During one of Charlotte Nash's first few weeks with Houston Ballet II, she was thrown into a run-through of Balanchine's Theme and Variations. "I had never really understudied before and I didn't know what I was doing," she says. "I fell right away and was quickly replaced." For Nash, now a dancer with Festival Ballet Providence, the episode was a tough lesson. "I was mortified, but then I said to myself, 'Okay, I need to figure out how to learn things more quickly.'"


When you're understudying someone else's role, it can be tempting to take a back seat on the learning process. "Dancers tend to think they won't be in the performance or they weren't good enough to be chosen," says Kristi Capps, ballet master with Kansas City Ballet. "But you are really expected to be just as good as first cast, because at any moment you might have to go on."

By taking the process seriously, you show choreographers and artistic staff that you are a reliable, capable artist—which could lead to casting opportunities or even a promotion down the road. Below are tips to help you stay focused in and out of the studio, and be stage-ready if you get thrown in.

Understudy with Intention

When learning another dancer's role, it's helpful to have a method. Try going into rehearsal with a particular intention, such as paying attention to complex running patterns one day and the port de bras the next, to maintain your focus and make sure you are absorbing everything.

Nash (center), Kirsten Evans and David DuBois rehearse Balanchine's Serenade.

Dylan Giles, Courtesy Festival Ballet Providence

When learning another dancer's role, it's helpful to have a method. Try going into rehearsal with a particular intention, such as paying attention to complex running patterns one day and the port de bras the next, to maintain your focus and make sure you are absorbing everything.

Once you know the choreography well, step back and try to understand the formations. This can be especially important if you are watching multiple spots in the corps. Try to visualize bodies moving in the patterns, says Capps, and keep in mind that when you jump in, you may be with a different cast than the one you have been watching.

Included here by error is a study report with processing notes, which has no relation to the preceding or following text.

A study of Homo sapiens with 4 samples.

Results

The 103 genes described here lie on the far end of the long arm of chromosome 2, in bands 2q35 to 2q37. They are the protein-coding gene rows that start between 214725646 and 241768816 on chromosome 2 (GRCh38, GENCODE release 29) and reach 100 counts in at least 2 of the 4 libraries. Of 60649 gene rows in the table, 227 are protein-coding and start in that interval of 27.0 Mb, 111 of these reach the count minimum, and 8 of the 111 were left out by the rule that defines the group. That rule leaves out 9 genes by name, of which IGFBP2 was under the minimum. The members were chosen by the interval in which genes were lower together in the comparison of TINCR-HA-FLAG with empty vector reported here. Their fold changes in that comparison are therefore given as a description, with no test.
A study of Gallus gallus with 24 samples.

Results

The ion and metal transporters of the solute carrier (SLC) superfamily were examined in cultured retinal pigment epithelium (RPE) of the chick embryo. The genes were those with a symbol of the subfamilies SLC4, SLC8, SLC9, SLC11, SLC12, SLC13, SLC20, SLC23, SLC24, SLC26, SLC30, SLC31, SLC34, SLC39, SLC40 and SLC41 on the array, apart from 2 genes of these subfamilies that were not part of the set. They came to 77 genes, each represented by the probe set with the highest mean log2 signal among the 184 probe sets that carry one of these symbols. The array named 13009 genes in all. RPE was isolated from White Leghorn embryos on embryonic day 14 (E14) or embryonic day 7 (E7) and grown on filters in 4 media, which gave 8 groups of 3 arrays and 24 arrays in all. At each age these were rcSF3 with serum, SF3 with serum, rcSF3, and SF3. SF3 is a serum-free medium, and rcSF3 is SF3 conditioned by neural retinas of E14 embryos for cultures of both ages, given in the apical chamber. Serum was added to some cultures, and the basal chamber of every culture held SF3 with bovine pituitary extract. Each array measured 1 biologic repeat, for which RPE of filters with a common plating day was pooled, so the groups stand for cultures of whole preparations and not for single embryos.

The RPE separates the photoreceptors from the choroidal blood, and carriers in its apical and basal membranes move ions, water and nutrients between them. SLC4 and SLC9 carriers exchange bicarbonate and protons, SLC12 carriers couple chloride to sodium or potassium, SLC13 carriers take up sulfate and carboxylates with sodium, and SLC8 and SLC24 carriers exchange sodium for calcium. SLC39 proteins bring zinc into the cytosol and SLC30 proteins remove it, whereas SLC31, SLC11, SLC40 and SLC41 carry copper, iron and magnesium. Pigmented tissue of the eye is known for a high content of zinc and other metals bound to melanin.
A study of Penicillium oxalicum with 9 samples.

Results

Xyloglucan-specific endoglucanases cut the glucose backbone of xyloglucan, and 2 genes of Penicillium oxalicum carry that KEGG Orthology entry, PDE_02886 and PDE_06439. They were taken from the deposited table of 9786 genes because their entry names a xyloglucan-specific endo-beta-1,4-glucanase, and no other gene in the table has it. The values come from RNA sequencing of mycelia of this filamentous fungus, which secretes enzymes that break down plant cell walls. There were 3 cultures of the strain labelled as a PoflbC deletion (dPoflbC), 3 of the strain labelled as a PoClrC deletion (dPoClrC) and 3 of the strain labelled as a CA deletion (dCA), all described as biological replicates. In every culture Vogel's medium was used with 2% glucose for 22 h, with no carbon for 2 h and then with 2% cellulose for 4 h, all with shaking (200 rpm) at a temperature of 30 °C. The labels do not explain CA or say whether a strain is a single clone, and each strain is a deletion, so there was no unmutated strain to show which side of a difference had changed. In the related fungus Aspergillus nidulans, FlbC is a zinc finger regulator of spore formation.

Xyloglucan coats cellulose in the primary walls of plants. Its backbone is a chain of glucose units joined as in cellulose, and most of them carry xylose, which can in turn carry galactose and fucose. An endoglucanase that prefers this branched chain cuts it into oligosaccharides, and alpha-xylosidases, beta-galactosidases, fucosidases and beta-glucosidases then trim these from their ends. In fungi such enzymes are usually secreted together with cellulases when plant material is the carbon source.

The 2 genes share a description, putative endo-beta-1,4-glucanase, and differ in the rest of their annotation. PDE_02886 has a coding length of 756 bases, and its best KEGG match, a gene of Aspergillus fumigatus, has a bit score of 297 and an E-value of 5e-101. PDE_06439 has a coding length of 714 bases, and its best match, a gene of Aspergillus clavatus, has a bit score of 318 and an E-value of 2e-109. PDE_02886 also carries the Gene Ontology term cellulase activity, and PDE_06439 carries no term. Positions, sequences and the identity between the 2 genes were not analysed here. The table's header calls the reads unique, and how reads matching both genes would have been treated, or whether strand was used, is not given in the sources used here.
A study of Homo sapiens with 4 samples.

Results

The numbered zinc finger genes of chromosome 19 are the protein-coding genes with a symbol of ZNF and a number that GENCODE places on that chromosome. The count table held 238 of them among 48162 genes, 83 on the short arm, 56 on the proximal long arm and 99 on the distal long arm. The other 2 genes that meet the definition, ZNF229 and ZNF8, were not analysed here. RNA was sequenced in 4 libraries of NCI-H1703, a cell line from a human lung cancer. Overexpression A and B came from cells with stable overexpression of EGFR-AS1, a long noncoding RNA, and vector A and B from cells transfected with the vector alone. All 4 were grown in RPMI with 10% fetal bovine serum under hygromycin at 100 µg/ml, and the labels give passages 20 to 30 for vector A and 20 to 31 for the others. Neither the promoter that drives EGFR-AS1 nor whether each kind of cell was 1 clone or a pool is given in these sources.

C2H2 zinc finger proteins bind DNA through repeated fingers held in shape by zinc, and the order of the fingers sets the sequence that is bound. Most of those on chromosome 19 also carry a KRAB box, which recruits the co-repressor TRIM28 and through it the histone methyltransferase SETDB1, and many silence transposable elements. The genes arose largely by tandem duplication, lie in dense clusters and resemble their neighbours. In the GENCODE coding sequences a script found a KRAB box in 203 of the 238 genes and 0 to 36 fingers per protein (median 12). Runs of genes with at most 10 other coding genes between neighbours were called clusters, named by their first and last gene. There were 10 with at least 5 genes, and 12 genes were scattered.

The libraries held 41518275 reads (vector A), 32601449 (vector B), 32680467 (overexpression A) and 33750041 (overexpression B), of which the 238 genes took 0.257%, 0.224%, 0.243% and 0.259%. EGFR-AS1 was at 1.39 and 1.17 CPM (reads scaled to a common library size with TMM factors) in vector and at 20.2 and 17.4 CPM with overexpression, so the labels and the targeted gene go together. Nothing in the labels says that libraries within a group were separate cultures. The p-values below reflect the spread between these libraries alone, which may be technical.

While sometimes you may need to stand in the corner because of space constraints, Nash recommends beginning each rehearsal in a different spot in the room to observe the ballet from different angles and make sure you know all of your marks and pathways. "A lot of people stay in one place and go through the motions," says Nash. "But sometimes it's good to just watch, so you can focus on the whole picture. When you are always trying to do both, your attention is divided."

Take Your Work Home

Understudying often has to go beyond the studio when you're learning in the back. "The choreographer doesn't have time to give you every detail," says Alonzo King LINES Ballet dancer Ashley Mayeux.

Boston Ballet soloist Addie Tapp agrees. "You have to take your own time outside of the rehearsal to go over choreography, watch videos or get to know the music better," she says. Get in the studio early, she advises, or use break times to try things full-out. (Mayeux often reviews roles she's covering in her hotel room on tour.) If you can organize a group run-through with other understudies or some people from second cast, all the better.

For Nash, humming the steps quietly along with the music or even creating her own story while learning the steps makes them easier to remember. Jot down counts or sketch formations for review later on your own. Whenever Tapp has to understudy a pas de deux without a partner, she makes sure she knows every hand and arm placement before asking another cast member if they'd be up for trying it with her another time. "Some understudies will ask to take their own rehearsal videos, so they can use it to go over it for themselves," she adds.

Tapp in Balanchine's Chaconne

Liza Voll, Courteys Boston Ballet

Building Confidence

Understudying has added benefits when you do a good job. "If you know something really well, the choreographer or director can tell, and they will often give you a chance," says Mayeux.

Remember, you were asked to be in the room for a reason, so when you're told to jump in, go for it. "The artistic staff knows that you are being thrown in, and that rehearsal is your time to figure it out," says Tapp. Capps agrees. "We can tell the difference between making a mistake and not knowing the steps or the patterns," she says. "If you are really nervous, it's okay to ask a question before the run or to quickly walk through something."

Understudying can also help you build confidence in unexpected ways. "I've struggled with stage fright throughout my career," says Mayeux, "so understudying has always been a lower-stress opportunity for researching my own artistry." And for Tapp, covering principal roles has given her the time to develop her acting chops. "I love watching how everyone does a role differently and absorbing everything in the room," she says. "It has also helped me learn how to work more on my own and make choices that look good on me."

As for Nash, her embarrassing Theme and Variations experience made her a stronger understudy and company member. "Last year I was cast in 'Rubies' because I could jump in easily," she says. "Smart dancers are appreciated, and good things come from being focused and caring about every role."